Recorded: 17 Jan 2003
The surprising things that came out of this project that I started off on were that we found some deletion mutants of SV40 which appeared to be lacking a protein which no one had ever discovered before as being made by SV40. So when I first arrived at the lab there was a certain faction that said, well why would anyone want to work on SV40 because we already know everything there is to know about this. And of course that absolutely turned out not to be the case. So where I found these mutants that had bits of the SV40 chromosome missing. We were really puzzled to know what the consequences of this would be, and so we went on to study the proteins that SV40 was making.
And actually [we] discovered a totally new protein. The common major protein of SV40 is called t-antigen and this is the protein that was already well known to be associated with the ability of SV40 to grow and to cause tumors and so on.
And it turned out that there was another protein made from the same gene called small t-antigen which was, for obvious reasons, a smaller version of large t-antigen. Firstly, it was completely unknown how it was that one gene could actually make two different proteins. And the second thing was of course nobody had any idea what the function of this protein was or, indeed, whether it had any function at all.
So what we’re really experiencing here is the discovery of RNA splicing and that actually happened in two different systems. It happened in adenovirus and it happened in SV40. So it was a very exciting period. The adenovirus group that I actually wasn’t involved with were spending a lot of time running around the corridors reporting rumors from other labs that something interesting had been found in adenovirus.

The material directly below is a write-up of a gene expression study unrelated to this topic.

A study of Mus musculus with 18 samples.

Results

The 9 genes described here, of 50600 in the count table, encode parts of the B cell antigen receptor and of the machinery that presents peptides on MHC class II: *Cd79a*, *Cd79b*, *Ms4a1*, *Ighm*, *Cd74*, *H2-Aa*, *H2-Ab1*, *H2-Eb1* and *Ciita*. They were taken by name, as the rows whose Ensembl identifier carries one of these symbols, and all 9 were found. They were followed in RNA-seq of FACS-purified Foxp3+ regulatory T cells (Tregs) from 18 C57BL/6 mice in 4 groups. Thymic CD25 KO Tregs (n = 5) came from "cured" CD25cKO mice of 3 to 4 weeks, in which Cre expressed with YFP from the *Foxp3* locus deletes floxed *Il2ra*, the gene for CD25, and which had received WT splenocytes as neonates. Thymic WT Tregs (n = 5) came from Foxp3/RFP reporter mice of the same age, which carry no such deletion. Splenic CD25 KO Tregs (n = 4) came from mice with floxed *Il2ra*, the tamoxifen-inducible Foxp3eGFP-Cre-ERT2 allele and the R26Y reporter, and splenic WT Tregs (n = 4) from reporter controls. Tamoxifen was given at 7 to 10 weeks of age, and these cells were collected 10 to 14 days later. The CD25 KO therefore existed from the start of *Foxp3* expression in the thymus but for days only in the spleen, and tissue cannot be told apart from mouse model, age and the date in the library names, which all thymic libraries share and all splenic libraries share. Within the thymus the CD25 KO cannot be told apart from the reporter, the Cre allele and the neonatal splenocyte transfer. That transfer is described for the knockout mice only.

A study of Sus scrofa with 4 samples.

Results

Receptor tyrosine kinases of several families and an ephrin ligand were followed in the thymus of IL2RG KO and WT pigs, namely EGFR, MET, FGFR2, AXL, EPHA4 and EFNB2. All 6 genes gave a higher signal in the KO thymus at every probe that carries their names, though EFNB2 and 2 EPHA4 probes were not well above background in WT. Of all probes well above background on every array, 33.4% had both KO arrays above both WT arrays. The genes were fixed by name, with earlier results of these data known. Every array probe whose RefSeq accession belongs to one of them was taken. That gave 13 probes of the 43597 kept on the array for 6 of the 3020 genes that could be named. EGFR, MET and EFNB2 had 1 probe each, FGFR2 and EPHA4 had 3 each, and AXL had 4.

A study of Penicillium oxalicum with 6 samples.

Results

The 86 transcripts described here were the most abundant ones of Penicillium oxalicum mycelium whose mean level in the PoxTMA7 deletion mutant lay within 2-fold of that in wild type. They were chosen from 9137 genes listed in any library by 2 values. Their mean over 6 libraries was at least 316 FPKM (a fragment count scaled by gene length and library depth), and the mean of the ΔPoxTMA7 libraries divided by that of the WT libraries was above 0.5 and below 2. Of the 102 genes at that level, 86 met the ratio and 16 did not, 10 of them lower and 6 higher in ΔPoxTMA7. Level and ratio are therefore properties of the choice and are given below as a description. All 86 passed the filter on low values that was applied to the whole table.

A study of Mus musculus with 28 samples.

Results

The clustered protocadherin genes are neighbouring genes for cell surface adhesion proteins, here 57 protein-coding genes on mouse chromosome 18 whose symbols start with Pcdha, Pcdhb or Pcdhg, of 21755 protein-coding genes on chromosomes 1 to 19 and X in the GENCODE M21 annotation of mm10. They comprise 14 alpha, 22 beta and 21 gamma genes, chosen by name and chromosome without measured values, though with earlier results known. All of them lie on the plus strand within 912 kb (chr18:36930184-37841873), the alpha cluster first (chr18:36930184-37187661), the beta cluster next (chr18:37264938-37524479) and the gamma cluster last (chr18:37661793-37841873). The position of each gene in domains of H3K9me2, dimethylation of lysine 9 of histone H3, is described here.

So the people that were involved that I can recall were Rich Gelinas and Tom Broker and Louise Chow principally. I’m sure there were others. I think Dan Klessig also is involved in that work. And so it turned out that several different groups had actually, at Cold Spring Harbor, had been separately working on adenovirus, different aspects of it and the stimulus of the fact that somebody outside the lab was about to report something exciting made them actually all sit down together and put all their data together and out of this, they actually realized through looking at the electron micrographs as well as some of the biological data that there were alternative messenger RNAs being made of certain genes of adenovirus. So they were then, of course, one of the first group to report RNA splicing in adenovirus.
Ashley [Dunn] was part of it, yeah—[he was] part of the adenovirus group also. I think he was working on something slightly different but—yeah, so it was a very competitive but also very exciting time for these two groups at MIT and at Cold Spring Harbor competing to be the first out.
And of course they both reported their results simultaneously in the literature and also at a Cold Spring Harbor meeting which was held.
Merilyn Sleigh is a pharmacologist, molecular biologist and dean in the Department of Life Sciences at the University of New South Wales. After completing her Ph.D. at the University of Sydney in pharmacology and another PhD in molecular biology at the Commonwealth Scientific and Industrial Research Organization (CSIRO), she came to Cold Spring Harbor Laboratory to work under Joe Sambrook as a postdoctoral fellow researching the protein production of SV40. She returned to CSIRO, establishing one of the first laboratories in Australia using genetic engineering approaches to study influenza virus structure, evolution and gene regulation. She has become involved in developing the biotechnological industry in Australia. Sleigh is founding director of the Australian Biotechnology Association and is currently Chief Executive of EvoGenix, a start-up biotechnology company located in Australia.